For many of us, the internet is the principal guide towards education, interaction, entertainment – and ultimately, a more convenient life. But did you know it’s not necessarily that straightforward for everyone?
Over the past few decades, we have seen many exchanges move online – and this is now being rapidly accelerated with the outbreak of COVID-19. However, most of the content has not been adapted to the entire palette of human experience.
With 15% of the world’s population experiencing some form of disability, and with the majority of these people being online, it’s never been so important to think about how to promote a more inclusive digital environment.
Read on to find out why digital accessibility matters and what you can do to advance it.
What does digital accessibility entail?
There’s no doubt that when it comes to championing digital accessibility, our societies still have a long way to go. Let’s take a look at the US: It is believed that there are over 56 million Americans with disabilities. And yet, according to Tenon, only 0.03% web pages out there are free from any Web Content Accessibility Guidelines (WCAG) errors.
These are overwhelming numbers, but to better understand them, we need to know what digital accessibility means in the first place. The term refers to making websites, digital content, and other related tools designed and shaped in such a way that allows people with disabilities to use them without limitations.
Whether it’s people with sight, hearing, or mobility impairments, digital accessibility allows everyone to get the information they need, educate themselves, interact, and consume content. During this process, these users are also empowered to better form their opinion and make their own, informed choices.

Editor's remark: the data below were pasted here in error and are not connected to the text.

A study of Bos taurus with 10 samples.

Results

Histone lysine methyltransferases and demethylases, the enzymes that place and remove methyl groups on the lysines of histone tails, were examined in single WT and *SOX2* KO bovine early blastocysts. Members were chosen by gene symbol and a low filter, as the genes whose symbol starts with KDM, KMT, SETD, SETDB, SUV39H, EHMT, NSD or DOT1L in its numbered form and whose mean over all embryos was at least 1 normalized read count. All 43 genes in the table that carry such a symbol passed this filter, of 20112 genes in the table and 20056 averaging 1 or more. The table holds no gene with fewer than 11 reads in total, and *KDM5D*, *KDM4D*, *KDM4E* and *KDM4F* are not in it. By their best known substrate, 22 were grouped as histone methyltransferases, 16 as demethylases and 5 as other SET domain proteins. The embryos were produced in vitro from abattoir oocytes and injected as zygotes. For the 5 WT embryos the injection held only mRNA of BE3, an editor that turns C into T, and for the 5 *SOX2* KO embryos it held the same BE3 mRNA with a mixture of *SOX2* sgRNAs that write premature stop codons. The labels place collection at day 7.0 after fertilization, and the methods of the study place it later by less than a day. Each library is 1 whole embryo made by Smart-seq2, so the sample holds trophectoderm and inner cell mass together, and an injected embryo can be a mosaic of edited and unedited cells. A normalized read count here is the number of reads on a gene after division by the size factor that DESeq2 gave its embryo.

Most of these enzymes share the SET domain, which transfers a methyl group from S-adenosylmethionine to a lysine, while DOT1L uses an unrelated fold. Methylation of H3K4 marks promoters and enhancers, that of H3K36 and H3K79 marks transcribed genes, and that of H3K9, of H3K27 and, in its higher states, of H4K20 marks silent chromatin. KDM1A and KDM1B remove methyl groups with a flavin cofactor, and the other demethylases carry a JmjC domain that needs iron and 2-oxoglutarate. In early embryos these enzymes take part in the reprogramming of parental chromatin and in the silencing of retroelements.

This is not merely a nice addition to consider – digital accessibility has strong foundations in law, too. The rise in accessibility lawsuits demonstrates that Americans with Disabilities Act (ADA) is applicable both in real-life and digital settings. Understanding the concept in terms of civil rights gives it yet another layer of importance.
What is changing now?
While the lack of digital accessibility is a long-standing issue, there are reasons to think it could become even more pressing. This is because of the current coronavirus pandemic, which has forced businesses to take their operations online, often in haste and without much regard for diverse needs.
At the same time, as millions of people are now housebound, the reliance on information found online increases. Whether you want to work from home, attend an online class, participate in a course, attend a webinar, or listen to a podcast, it can be difficult to participate in these exchanges if they aren’t inclusive. And now, as even doctor appointments are moving online, this is an urgent point to tackle.
We can probably agree on the fact that the digital world should make things easier – but here, it’s not exactly the case. How can a deaf person stay informed about the pandemic if most of their communication depends on sign language? And what if a blind person needs to buy online on a website that doesn’t have clear navigation in place? In times when most of our activities are centered around a screen, digital accessibility is indispensable.
How to advance digital accessibility
That said, digital accessibility brings benefits both for people in need to access online content, and for organizations looking to expand their reach. Many organizations and companies – including Google, Amazon, Microsoft, Apple, and Facebook have shown a clear commitment to accessibility initiatives – and you should do the same!
There are various features and tools you can utilize to help disabled people better navigate your content. This can include encouraging the usage of subtitles and captions, providing transcripts for podcasts, simplifying your website navigation, or designing for readability – meaning that you take note of fonts, colors, and text justification.
Another simple habit you can adopt is taking full advantage of alternative text. This takes the development team only a moment to do, but can be a gamechanger for anyone with visual impairments. By providing alt-text descriptions, you allow anyone using screen readers to better understand an image, video, or infographic, even without seeing them.
As we move towards yet another step in the digital revolution, we need to think about how to ensure that everyone is in the same boat.